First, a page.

Jews Most Targeted Religious Group for Hate Crime in 2020

NYPD officers stand by a gathering of Jewish  community members in Borough Park, Oct. 7, 2020. (AP Photo/John Minchillo)

The newly released FBI hate crime statistics for 2020 revealed that Jews were the most targeted religious group, making up 57.5% of the religiously-motivated bias crime despite making up roughly 2% of the American population.

According to the FBI statistics, 61.9% of victims were targeted because of their race and 13.4% were targeted because of their religion. Overall, the country saw a 6% uptick in hate crimes in 2020 compared to 2019, with the number of reported bias attacks the highest since 2009.

There were 7,759 hate crimes reported, and 1,174 were targeting people on the basis of their religion.

Of the 951 reported hate crimes targeting Jews, 507 (53%) of them were destruction, damage, or vandalism of property; 316 (33%)  were intimidation; 104 (10%) were assault; and 12 (1%) involved burglary.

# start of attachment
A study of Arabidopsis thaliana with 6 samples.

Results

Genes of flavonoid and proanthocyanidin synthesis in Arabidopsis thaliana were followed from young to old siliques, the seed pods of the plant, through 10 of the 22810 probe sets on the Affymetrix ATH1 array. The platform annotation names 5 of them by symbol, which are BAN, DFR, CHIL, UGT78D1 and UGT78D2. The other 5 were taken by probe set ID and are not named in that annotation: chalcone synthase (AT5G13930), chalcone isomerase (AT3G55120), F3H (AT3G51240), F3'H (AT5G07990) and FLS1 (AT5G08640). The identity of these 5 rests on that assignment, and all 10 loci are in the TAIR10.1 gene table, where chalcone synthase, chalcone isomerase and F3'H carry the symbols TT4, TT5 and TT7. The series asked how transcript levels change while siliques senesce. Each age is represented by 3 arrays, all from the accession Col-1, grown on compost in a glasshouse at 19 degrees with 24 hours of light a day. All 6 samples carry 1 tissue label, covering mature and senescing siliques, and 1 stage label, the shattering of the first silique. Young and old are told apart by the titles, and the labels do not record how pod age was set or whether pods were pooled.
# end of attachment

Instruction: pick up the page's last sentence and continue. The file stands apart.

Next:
In New York, 179 (39%) of 463 bias crimes were against Jews, who were the most targeted group.

Amidst the coronavirus, hate crimes against Asian Americans have risen by 43%.

FBI’s hate crime statistics are based on self-reporting by state and local law enforcement agencies across the country and are considered incomplete. It is not uncommon for victims of hate crimes to not report them.

In a statement, Attorney General Merrick Garland said that “[preventing] and responding to hate crimes and hate incidents is one of the Justice Department’s highest priorities. The FBI Hate Crime Statistics for 2020 demonstrates the urgent need for a comprehensive response.

“Last year saw a 6.1% increase in hate crime reports… These numbers confirm what we have already seen and heard from communities, advocates and law enforcement agencies around the country. And these numbers do not account for the many hate crimes that go unreported.

“These hate crimes and other bias-related incidents instill fear across entire communities and undermine the principles upon which our democracy stands. All people in this country should be able to live without fear of being attacked or harassed because of where they are from, what they look like, whom they love or how they worship.”